Pakistan's lawyers have a lot to deal with — human rights violations, honour killings, property disputes, defamation and, most importantly, fashion faux pax. Three bar councils in Pakistan have issued statements condemning waiters for wearing "their uniforms".
Our esteemed lawyers are trying to be the fashion police. They say that other than them, no one should be allowed to wear their uniform. But the uniform in question is a black suit with a white shirt and black tie.
Here are a list of places that you can wear this outfit:
To work as a bodyguard
To work as a waiter
To your own wedding
To a black-tie dinner
To work (not at a law firm)
To school (if you want to be fancy)
To the gym (sweatpants are overrated)
To Empress Market to buy vegetables
And the list goes on and on. But if you were to ask a lawyer in Punjab, Islamabad or Balochistan, they would say they are the only ones allowed to wear black suits.
Bar councils are representative bodies of lawyers. The Punjab Bar Council has written a letter to the chief secretary, the Islamabad Bar Council to the chief commissioner of Islamabad and the Balochistan Bar Council has issued a statement. The gist of all three statements is the same.
"It came to our knowledge, many of the Hotels & Marriage Hall Staff is wearing the uniform of Lawyers. Through this letter I am clearing this, A Law Graduate cannot wear the proper uniform of lawyer unless until he passed the entry test and complete his six month training period [sic]," reads the Punjab Bar Council letter.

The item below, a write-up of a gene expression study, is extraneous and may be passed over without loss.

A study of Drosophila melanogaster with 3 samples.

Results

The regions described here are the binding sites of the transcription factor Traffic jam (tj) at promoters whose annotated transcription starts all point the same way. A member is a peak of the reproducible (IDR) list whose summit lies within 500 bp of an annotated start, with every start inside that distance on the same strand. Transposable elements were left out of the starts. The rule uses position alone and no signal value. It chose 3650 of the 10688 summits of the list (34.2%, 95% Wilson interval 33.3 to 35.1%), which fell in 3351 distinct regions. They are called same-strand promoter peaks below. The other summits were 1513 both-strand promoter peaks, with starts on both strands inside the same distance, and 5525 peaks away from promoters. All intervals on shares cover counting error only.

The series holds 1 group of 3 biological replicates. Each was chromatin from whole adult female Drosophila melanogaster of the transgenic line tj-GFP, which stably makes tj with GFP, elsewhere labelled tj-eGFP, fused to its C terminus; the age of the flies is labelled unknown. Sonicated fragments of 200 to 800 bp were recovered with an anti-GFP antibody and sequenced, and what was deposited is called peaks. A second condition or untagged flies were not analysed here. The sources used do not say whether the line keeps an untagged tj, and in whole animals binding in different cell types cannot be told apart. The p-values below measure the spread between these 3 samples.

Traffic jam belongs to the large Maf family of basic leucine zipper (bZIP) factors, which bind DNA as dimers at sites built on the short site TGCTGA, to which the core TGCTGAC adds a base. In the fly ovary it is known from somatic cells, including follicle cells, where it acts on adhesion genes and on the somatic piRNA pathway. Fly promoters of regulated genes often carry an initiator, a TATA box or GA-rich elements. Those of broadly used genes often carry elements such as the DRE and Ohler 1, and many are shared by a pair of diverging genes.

"Nobody is allowed to wear the Uniform of Lawyers except the lawyers. If any body will found in the uniform of lawyers at any place, marriage hall, hotels, event hall, I have clear directions to proceed under the relevant provision of Law [sic]."
This isn't a new issue. Lawyers have been wanting complete dominion over black suits for a while. Their fashion claim suffered a blow in 2015, when the Lahore High Court dismissed an appeal asking the court to stop waiters from wearing black suits. Justice Ayesha A Malik had dismissed the petition, saying the court could not issue directions on what citizens could or could not wear.
Since a court has already turned down the lawyers' demand for fashion supremacy, it's unclear what legal action they will be proceeding with.
It is also unclear what the issue is with someone else wearing their uniform. Do they consider waiters or wedding hall staff beneath them and therefore unworthy of wearing this rather mundane set of clothes? Or do they believe that despite their degrees and experience, someone in a courtroom is likely to ask them to bring over a plate of biryani with raita and a cold bottle of 7 Up?
On Twitter, people were as amused as we are with this development.
Others raised good points.
In fact, many of the people making fun of this news were lawyers themselves.
If lawyers don't want someone else wearing their uniform, might we suggest an outfit change? They can mirror our former colonial masters and don their lawyers' uniforms instead.